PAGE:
We didn't tune in the Super Bowl until the very end Sunday, but in just a few minutes of viewing, we saw the play that decided the thing. Nancy and I were reading, watching some re-runs, catching the news on other channels, generally oblivious to the fact that the most-watched program in television history was taking place. It took place for about nine or so hours, if you count in the five hours of scheduled pre-game stuff. I have no idea what they talked about in the pre-game for that long; maybe the air pressure in the footballs? Eventually, I flipped channels to see if the game was over.
When you think of good snow skiing, central South Dakota isn't the first place that pops into your head. The area isn't flat, not exactly. It's pretty rolling country, in fact, with dips and swells and gentle slopes and lakebeds and what we used to think of as hills when I was growing up out in the middle of that.
Most people, even some Minnesota Vikings fans, probably don't remember Carlester Crumpler. I didn't (in my defense, I've always been a Bears fan), not until our godson Tom sort of named one of his dance bands after the guy. Tom didn't use the actual name, instead choosing to call his group the Carluster Crumplebee Orchestra. He admits the name is a variation on Carlester Crumpler, who played tight end for the Vikings in 1999 and who had played for the Seattle Seahawks for four or five years before joining the Vikings. This isn't a piece about football, however.
In my early days with The Associated Press in Pierre, we had an unwritten standard called "wire worthy'' to measure whether some bit of information deserved to go out over the newsgathering cooperative's cranky but effective old teletype machines. I learned the phrase from Jim Wilson, a Kimball kid and my first boss with AP. He didn't really define wire worthy, but I came to understand what it meant (I think).
The holiday season is a success if the weather allows your family members to travel home for a visit and then travel back to their own homes without too much inconvenience. In that respect, the just-completed holidays were successful at the Woster place. Everyone arrived, everyone left. This past weekend our family members traveled mostly on Friday and Sunday.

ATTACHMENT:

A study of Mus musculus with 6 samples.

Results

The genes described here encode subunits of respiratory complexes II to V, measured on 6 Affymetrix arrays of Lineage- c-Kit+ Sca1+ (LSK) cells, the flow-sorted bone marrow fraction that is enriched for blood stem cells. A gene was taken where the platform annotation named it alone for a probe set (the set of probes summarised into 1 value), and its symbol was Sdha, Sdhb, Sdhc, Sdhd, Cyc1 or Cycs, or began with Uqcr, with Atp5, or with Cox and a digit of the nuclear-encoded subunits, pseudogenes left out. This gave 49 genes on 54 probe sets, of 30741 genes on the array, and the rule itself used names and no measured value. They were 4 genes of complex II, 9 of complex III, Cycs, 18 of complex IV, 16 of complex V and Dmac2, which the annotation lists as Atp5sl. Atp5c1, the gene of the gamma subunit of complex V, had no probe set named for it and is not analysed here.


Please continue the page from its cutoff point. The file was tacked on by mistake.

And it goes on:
This might be a good New Year's resolution for some people: I resolve to wear a seat belt when I travel and to pay attention to the highway. A second, equally intelligent resolution might be: I may do some drinking during the coming year but I won't drive after I've been drinking, and I'll pay attention to the speed limit. Those two resolutions would go quite a ways toward reducing deaths on South Dakota highways. I know I'm sensitive to the issue. For more than five years I worked at the Department of Public Safety. I read each fatal crash report from the Highway Patrol.
My first New Year's Eve ball reminded me a lot of a teen sock hop, but crowded with adults who didn't take off their shoes. Okay, so maybe it wasn't so much like a sock hop. It was a lot like a dance. Band, booze, banter, that kind of stuff. I think Nancy and I went to our first one together in Chamberlain when we both were home from college for the holidays.
I can't tell if more people are more outraged by other people more than ever before, or if social media's incredible ease and reach has created so many more platforms for outrage to be expressed instantly and universally. Every day I see posts by citizens outraged about one thing or another. Many of the posts simply re-post something someone else found outrageous, and the re-poster agrees with the sentiments expressed.
When I was a kid on the farm, we always opened our presents on Christmas Eve and only with the immediate family. Well, how could it be otherwise? We lived 8 miles from town, a couple of miles from our nearest neighbors. People didn't just up and visit the neighbors for Christmas Eve, and family from far away generally stayed far away. I'm not saying that was good or bad. That's just how it was. Our dad sometimes took us kids for a Jeep ride to see if we could see Santa Claus, while our mother stayed home to digest the oyster stew or something.
Six years ago yesterday, I left the newspaper business after more than 40 years. I remember sitting in my office a few blocks from the Capitol finishing a last story while delicate snowflakes fell to the ground in the late-afternoon shadows outside my east window. Just before 5 p.m., I typed an end-of-message note and filed the story. I powered down the company laptop and set the company camera, recorder and cell phone on the desk next to the laptop.